Education finally came up in a presidential debate and I heard something that I never heard before — the standard-bearers for both parties agreed that competition was good for public schools. Sure, past Democratic candidates have endorsed school choice with charters, as Obama did. But Obama did something new. He specifically said that competition from charter schools was important for improving traditional public schools.
Clinton, Gore, and Kerry embraced school choice with charters as an escape hatch for students condemned to failing public schools, sounding very much like Sol Stern, Mike Petrilli, and Rick Hess. But Obama left previous Democratic candidates and these fellows at market-oriented (?!) think tanks in the dust by saying that choice was desirable because of competition.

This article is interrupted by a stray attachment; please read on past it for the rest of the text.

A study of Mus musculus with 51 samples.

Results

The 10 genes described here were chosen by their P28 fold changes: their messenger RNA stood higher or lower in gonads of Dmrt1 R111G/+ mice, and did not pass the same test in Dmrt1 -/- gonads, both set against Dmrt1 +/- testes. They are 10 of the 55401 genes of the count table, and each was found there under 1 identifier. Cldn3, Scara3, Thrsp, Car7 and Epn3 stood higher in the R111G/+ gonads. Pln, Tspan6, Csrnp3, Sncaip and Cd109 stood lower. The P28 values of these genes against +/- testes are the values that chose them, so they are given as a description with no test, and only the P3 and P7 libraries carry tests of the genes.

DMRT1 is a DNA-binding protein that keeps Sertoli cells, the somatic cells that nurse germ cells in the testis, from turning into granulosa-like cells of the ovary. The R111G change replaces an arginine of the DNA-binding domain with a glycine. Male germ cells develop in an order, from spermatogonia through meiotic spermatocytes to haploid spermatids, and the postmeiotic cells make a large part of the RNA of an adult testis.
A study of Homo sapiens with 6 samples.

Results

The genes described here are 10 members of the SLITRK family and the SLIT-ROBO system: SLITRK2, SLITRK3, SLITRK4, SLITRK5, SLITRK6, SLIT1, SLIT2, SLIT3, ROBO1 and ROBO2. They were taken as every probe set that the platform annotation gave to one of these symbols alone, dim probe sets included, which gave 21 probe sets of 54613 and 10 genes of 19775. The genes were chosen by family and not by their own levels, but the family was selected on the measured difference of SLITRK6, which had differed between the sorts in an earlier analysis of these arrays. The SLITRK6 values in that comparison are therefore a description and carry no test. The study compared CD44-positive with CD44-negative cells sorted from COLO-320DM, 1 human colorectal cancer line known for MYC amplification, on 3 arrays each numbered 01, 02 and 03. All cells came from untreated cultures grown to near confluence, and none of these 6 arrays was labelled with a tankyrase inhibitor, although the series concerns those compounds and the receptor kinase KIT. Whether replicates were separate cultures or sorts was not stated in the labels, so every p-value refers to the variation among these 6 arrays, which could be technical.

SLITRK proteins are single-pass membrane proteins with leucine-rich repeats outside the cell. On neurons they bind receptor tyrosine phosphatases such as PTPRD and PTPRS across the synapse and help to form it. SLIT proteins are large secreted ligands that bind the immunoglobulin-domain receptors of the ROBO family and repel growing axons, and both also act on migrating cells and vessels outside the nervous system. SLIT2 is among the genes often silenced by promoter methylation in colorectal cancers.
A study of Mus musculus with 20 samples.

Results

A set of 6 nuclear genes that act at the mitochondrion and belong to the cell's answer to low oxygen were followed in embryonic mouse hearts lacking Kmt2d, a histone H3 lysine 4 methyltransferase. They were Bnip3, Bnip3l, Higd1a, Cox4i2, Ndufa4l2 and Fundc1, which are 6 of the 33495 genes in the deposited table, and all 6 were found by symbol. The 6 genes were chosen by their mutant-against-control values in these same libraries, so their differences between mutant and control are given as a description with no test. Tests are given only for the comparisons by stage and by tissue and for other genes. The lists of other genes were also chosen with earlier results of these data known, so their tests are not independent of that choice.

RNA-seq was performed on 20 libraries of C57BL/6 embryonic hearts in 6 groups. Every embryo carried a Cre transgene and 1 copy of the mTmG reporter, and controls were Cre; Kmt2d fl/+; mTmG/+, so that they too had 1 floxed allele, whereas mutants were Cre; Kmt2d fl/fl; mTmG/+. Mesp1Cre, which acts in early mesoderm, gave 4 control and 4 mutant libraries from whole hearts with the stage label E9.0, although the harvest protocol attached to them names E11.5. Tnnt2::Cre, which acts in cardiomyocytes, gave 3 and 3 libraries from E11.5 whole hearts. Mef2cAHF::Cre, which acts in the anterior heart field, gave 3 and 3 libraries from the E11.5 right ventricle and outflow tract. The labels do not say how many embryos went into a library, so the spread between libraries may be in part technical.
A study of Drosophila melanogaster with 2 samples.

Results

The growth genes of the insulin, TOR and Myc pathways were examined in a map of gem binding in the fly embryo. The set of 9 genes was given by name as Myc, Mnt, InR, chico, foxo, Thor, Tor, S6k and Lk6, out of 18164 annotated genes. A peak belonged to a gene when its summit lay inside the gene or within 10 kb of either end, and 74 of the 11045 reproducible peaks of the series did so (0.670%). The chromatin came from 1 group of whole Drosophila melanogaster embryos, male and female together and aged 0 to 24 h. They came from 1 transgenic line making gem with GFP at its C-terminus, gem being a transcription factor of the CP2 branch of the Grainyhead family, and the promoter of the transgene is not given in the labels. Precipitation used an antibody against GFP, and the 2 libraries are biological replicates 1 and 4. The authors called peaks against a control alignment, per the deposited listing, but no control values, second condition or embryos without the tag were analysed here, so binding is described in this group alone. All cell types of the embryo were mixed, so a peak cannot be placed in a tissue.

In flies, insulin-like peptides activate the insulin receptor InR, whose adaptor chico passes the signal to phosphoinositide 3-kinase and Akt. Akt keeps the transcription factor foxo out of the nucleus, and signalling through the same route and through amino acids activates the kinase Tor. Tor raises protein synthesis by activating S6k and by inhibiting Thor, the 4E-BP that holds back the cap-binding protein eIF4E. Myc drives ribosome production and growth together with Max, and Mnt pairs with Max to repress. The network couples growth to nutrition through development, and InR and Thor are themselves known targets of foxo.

Here are Obama’s exact words: “Charter schools, I doubled the number of charter schools in Illinois despite some reservations from teachers unions. I think it’s important to foster competition inside the public schools.”
Of course, Obama wants to limit choice and competition to public schools (which include charters), while McCain wants to include private schools in the mix. But they agree on the big idea: public schools are improved when they have to compete to earn students and the revenue those students generate.
Just think. Only twenty years ago school choice and competition was hardly a glimmer in Ronald Reagan’s eye. Now the idea is so widely accepted as reasonable that the leaders of both parties differ only on the mechanism for producing choice and competition. We’ve come a long way, baby.
Correction — Rick Hess emailed to say that he did not want to be counted among those who are unpersuaded by competitive effects from choice. He does think that almost no current choice program is designed properly to produce competitive effects, but he thinks such effects are possible and desirable.